Did you notice March 4 come and go again? Any applause, or “Pomp and Circumstance”? Ok, so the date is not important anymore. But a few of you may remember that every fourth March 4 used to be Inauguration Day for the U.S. President. That changed in 1933 with the 20thAmendment to the Constitution, which moved the big event to January 20. The amendment also ordered Congress to convene on January 3 every other year.
The present 113th Congress looks a lot like the 112th. Yet both of them are different from any other Congress in living memory. A Republican House, Democratic Senate, and a Democratic president have not been in power since before the Civil War. But the last 80 years have seen anything but a balanced numerical political history.
Beginning in 1933, the Democratic Party held both houses of Congress for 56 of the next 80 years, until 2013. This included one 26‑year period. For 34 years Democrats had total power, controlling both the Congress and the White House.
By contrast, Republicans held full power in Washington for only six years, while holding both houses of Congress for 14, including one period of six straight years. The two parties have had divided control over Congress for only 10 years since 1933.
During these eight decades, Democrats have maintained a big majority in the Senate – 55% of the seats or more – for 48 years, including one 22‑year stretch. They also had filibuster‑proof power – 60 votes or more – for 22 years. And for 10 years, Democrats retained a super majority two-thirds control that could override presidential vetoes.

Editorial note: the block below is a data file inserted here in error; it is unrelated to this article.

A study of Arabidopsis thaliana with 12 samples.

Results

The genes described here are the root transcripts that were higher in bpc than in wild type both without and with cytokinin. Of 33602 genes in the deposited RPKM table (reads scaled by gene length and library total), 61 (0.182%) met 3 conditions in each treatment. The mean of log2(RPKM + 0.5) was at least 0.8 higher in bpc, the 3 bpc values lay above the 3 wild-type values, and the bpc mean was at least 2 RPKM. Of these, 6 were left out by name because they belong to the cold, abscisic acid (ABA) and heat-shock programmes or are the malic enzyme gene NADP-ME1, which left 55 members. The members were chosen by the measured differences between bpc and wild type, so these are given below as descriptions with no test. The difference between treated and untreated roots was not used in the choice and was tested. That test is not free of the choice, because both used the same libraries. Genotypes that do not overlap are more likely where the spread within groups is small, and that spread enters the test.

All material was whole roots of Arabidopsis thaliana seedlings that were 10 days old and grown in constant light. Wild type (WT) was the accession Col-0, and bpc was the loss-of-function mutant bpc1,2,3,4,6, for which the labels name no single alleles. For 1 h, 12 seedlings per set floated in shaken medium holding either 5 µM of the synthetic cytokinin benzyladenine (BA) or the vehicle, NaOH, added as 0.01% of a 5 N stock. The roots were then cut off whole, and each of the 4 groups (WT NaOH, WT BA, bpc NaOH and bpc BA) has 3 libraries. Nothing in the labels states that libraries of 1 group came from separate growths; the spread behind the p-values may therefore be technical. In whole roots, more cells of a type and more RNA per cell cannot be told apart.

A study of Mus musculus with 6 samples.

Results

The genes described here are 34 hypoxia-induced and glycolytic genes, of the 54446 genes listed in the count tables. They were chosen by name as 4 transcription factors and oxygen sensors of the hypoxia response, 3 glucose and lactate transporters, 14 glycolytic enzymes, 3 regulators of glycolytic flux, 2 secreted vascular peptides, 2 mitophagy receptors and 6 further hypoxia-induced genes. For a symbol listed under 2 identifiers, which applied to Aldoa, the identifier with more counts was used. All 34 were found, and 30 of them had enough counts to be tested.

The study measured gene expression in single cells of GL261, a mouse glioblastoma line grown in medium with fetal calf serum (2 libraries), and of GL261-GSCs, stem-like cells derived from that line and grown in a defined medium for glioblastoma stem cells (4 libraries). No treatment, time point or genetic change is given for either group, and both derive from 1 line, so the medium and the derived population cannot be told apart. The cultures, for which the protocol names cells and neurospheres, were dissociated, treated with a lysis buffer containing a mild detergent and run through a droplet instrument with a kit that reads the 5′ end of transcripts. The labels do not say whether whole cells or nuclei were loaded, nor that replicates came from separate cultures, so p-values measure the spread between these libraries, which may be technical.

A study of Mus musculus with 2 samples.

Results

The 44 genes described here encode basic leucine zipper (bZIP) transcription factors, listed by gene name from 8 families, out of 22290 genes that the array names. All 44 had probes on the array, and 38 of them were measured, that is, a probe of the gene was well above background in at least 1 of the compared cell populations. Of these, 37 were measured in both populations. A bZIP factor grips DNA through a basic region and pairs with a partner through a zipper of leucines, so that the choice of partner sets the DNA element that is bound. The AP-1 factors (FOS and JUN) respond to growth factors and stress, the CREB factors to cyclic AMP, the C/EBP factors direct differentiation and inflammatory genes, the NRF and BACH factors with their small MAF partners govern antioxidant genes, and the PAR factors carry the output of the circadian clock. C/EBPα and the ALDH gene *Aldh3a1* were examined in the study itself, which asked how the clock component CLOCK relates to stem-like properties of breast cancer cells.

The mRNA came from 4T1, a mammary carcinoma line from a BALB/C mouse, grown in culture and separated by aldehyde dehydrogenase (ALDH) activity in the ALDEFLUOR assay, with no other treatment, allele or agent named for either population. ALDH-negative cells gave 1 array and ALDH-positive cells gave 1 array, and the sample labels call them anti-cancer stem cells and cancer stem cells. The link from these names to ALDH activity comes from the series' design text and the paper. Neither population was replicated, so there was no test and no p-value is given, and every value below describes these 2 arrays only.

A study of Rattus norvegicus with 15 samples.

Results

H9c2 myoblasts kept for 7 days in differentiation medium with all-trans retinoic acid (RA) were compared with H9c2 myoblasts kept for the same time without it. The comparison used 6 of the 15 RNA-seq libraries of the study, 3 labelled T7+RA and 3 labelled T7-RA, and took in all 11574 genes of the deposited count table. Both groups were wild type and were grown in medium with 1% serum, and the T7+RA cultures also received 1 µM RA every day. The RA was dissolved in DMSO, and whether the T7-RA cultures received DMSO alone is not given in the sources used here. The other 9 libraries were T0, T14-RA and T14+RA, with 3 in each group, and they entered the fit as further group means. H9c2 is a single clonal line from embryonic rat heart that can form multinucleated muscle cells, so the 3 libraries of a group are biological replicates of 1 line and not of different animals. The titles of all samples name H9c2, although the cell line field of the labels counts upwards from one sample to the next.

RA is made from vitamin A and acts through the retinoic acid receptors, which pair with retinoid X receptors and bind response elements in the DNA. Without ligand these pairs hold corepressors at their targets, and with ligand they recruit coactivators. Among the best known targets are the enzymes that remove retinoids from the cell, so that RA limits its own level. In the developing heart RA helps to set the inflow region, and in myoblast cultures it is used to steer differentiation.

Meanwhile, Republicans have held 55 Senate seats for eight years, including six of the last 16, but they have never exceeded 55 seats. Republicans have enjoyed a majority for 10 years since 1995 – but overall they have only held the Senate for 22 years, never exceeding six in a row.
The tale is even brighter for Democrats in the House of Representatives. It has been under “blue” control for 64 of the last 80 years. For 52 years, Democrats held at least 240 seats, 55%, including a 36‑year stretch that lasted from Presidents Kennedy to Clinton. They also held a super majority of 290 seats or more for 12 years.
In contrast, the House has only been “red” for 16 years, 12 of which were from 1995 to 2007. The GOP controlled 240+ seats for four years since 1933 – 13 times less than Democrats. Republicans have never held 250 seats in the House, let alone 290!
So how significant is this new Congress? Both sides could gain or lose a lot in 2014. Republicans cannot expect to halt all Democratic measures. Equally, Democrats cannot ignore the concerns and strength of the minority party.
In the end, congressional numbers show that the secret to the future of the United States cannot be found in politics. Rather, it is captured in the words of the Pledge of Allegiance, “One nation under God, indivisible, with liberty and justice for all.” Whether the next 80 years swing to the right or not, bipartisan commitment to virtue and freedom is the key to a successful 113th Congress – and beyond.